Soon after starting at the Library (in the former Department of Manuscripts) during the early days of the junior Bush presidency, I was given my first task. This was to number the pages (that is, the folios) of the Bowood House Papers, a large collection of the paper of the Marquesses of Lansdowne which had been purchased a few years before. Since historical archives in those days were intended to be bound into volumes for reasons of ease of delivery to the reading room and for security, they had to be divided into volumes of roughly 200 folios. Too many, and the volume could barely open; too few, and the volume was too thin. A double-century was the Goldilocks point of manuscript foliation. But, of course, series of correspondence never quite ran to that exact amount, so the art was to find a natural break in the run of papers and find a harmonious organisation to effect this, in an attempt to give a volume some sort of natural unity. The Bowood House papers, like many archives, already came with their pre-existing arrangement, and a history of citation, and reorganisation. Students of manuscripts will be familiar with the series of numbers usually pencilled at the top right hand side of folios, sometimes erased, sometimes crossed out; a palimpsest speaking of the attempt to apply order to the historical record.
I was never much good at it. The volumes were checked after you had foliated them, and someone always kindly pointed out that 127 came after 126, and not 125, or whatever blunder of numeration I had committed. It is possible that my mind had wandered during the process. Once this had all been sorted out, a slip was countersigned added to the back of the volume, and the number of folios settled on for future generations to refer to: 'Add. MS. 70200, f.211', and so on. There are also a whole set of complications; is a blank leaf foliated? What about folds of paper? Is a stamp on an envelope another folio? And what about notebooks in which the author has started at the front, but has another series of notes starting at the back? The rules of cricket and LBW pale in comparison.
I mention all this, as some of the sharper-eyed readers of this blog and visiters to the www.bl.uk/manuscripts site may have noticed a discrepancy in the recent volume of Layard Papers (which are full of material on the British view of the Civil War, since Layard was Parliamentary Under-Secretary of State for Foreign Affairs). All is fine until you reach folio 48; thereafter, all hell breaks out in terms of foliation.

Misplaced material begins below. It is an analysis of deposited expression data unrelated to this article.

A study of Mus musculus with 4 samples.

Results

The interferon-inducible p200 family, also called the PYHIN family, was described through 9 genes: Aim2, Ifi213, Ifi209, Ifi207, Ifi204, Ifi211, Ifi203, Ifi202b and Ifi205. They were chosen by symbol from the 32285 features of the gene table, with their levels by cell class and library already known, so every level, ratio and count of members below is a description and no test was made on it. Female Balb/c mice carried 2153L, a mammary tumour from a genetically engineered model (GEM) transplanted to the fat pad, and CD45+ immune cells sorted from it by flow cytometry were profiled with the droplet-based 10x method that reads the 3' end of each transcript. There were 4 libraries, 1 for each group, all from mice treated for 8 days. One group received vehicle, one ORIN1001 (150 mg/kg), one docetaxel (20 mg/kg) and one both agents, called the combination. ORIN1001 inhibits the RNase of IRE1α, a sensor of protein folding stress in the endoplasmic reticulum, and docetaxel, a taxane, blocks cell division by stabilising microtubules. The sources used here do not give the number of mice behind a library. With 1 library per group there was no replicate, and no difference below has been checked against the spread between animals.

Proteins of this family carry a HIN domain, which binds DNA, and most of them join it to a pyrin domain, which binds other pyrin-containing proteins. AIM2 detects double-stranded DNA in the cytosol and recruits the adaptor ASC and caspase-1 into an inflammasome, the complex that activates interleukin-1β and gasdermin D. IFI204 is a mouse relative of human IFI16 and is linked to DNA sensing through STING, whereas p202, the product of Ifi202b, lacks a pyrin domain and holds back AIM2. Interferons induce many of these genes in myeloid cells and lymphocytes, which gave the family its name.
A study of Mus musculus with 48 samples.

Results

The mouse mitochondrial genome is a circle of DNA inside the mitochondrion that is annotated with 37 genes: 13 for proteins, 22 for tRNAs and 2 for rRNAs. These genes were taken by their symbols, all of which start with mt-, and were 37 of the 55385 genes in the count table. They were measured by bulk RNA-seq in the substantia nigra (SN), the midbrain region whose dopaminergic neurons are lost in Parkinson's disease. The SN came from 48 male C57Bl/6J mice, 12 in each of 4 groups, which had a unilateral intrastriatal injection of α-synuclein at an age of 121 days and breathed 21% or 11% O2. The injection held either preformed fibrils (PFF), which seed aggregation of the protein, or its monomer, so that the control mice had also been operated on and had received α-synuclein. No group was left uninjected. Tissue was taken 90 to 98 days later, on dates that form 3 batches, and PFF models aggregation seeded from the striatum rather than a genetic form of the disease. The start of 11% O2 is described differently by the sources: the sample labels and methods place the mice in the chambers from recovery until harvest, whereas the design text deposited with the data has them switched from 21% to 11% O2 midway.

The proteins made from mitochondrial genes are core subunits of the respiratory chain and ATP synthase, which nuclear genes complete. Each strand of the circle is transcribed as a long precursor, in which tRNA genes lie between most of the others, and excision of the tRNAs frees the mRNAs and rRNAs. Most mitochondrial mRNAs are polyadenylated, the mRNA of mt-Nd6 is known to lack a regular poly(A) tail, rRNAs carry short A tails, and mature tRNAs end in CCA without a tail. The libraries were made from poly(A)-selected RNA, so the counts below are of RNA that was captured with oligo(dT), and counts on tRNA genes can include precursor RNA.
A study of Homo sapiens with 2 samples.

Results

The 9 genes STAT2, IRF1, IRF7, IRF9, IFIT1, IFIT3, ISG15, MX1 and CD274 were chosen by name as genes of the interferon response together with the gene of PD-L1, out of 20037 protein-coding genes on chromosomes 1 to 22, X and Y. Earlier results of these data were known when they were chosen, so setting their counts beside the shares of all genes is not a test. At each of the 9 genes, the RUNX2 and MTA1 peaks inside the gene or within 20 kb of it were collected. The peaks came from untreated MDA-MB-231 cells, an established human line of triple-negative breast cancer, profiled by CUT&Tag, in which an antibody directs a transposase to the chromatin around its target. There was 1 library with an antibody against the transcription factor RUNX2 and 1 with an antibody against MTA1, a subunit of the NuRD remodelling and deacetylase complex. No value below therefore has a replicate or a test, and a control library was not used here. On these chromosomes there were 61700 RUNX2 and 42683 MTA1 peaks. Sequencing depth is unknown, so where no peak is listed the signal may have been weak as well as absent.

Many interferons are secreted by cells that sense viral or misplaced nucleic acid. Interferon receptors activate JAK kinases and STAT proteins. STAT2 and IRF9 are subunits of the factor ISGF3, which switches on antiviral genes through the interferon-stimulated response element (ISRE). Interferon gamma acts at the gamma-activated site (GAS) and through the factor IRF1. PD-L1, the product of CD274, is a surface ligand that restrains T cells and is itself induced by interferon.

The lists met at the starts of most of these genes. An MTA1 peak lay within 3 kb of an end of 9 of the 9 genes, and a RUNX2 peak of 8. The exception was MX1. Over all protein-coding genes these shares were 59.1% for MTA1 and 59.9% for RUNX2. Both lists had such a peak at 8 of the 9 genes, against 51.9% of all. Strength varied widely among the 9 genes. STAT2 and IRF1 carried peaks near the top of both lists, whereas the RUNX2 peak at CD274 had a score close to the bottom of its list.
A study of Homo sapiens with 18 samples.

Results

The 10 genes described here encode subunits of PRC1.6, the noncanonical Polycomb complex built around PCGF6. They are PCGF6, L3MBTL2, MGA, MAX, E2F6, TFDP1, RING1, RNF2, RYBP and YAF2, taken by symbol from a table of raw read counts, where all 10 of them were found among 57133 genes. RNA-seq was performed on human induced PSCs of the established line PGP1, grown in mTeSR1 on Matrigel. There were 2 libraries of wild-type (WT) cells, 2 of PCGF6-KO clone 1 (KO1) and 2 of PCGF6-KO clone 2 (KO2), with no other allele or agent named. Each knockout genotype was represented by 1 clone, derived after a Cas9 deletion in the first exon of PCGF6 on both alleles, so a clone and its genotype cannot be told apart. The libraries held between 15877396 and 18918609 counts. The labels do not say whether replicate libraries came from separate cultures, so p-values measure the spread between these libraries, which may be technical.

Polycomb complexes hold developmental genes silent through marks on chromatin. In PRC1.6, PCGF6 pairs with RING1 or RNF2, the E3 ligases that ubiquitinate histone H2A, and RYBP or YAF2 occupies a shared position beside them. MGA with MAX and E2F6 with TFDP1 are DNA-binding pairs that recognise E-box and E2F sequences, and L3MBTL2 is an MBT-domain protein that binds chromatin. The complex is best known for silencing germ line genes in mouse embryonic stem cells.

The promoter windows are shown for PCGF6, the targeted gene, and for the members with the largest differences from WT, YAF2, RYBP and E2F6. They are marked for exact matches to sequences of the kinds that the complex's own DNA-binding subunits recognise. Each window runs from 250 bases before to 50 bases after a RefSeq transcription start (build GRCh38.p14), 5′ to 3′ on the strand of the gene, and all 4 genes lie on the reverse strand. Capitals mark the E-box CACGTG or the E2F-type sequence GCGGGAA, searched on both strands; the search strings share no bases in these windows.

I receive digital images of the manuscripts (in Tiff format) from the library's imaging studio. These are numbered from 001.tif to 800.tif (for example), but foliation reflects rectos and versos of manuscripts, so these have to be renamed 001r.tif to 400v.tif before they are tuned into zoomable images and added to bl.uk/manuscripts. The image number also has to match the folio number in the drop down box on the right of the viewer, and, in so doing, matching the way that that the manuscript has always been cited.
There are two ways of doing this; manually renaming the files, which opens the door to a number of potential errors; and venturing into the world of batch renaming, which still leaves the door ajar, but in my book is a bit safer, and certainly faster. Bindings, flyleaves and other idiosyncratic parts of the volume are renamed by hand (waiting for the Tiffs to open, then using F2 to rename the file), then I separate out all the odd numbered files, and use a piece of software called AntRenamer to renumber and rename them: 001.tif to 001r.tif and 003.tif to 002r.tif and so on. The evens are renumbered and renamed 001v.tif, 002v.tif etc. Once I've done this, checked every ten or so, I recombine them into one folder, check them again, and send them on their way to be turned into zoomable images (.dzi at the moment, but perhaps Jpeg2000s in the future), and thence to be linked to the Manuscript Catalogue record and viewable on bl.uk/manuscripts.
So far, the process has been fine, if somewhat time consuming. But last night, I noticed the foliation errors in Add. MS 38988. Three hours later, and they've been refoliated, in a digital fashion, and should be filtering their way onto the site. Clearly, I need to figure out a modern-day equivalent of the countersigned slip to be found in the back of the volume.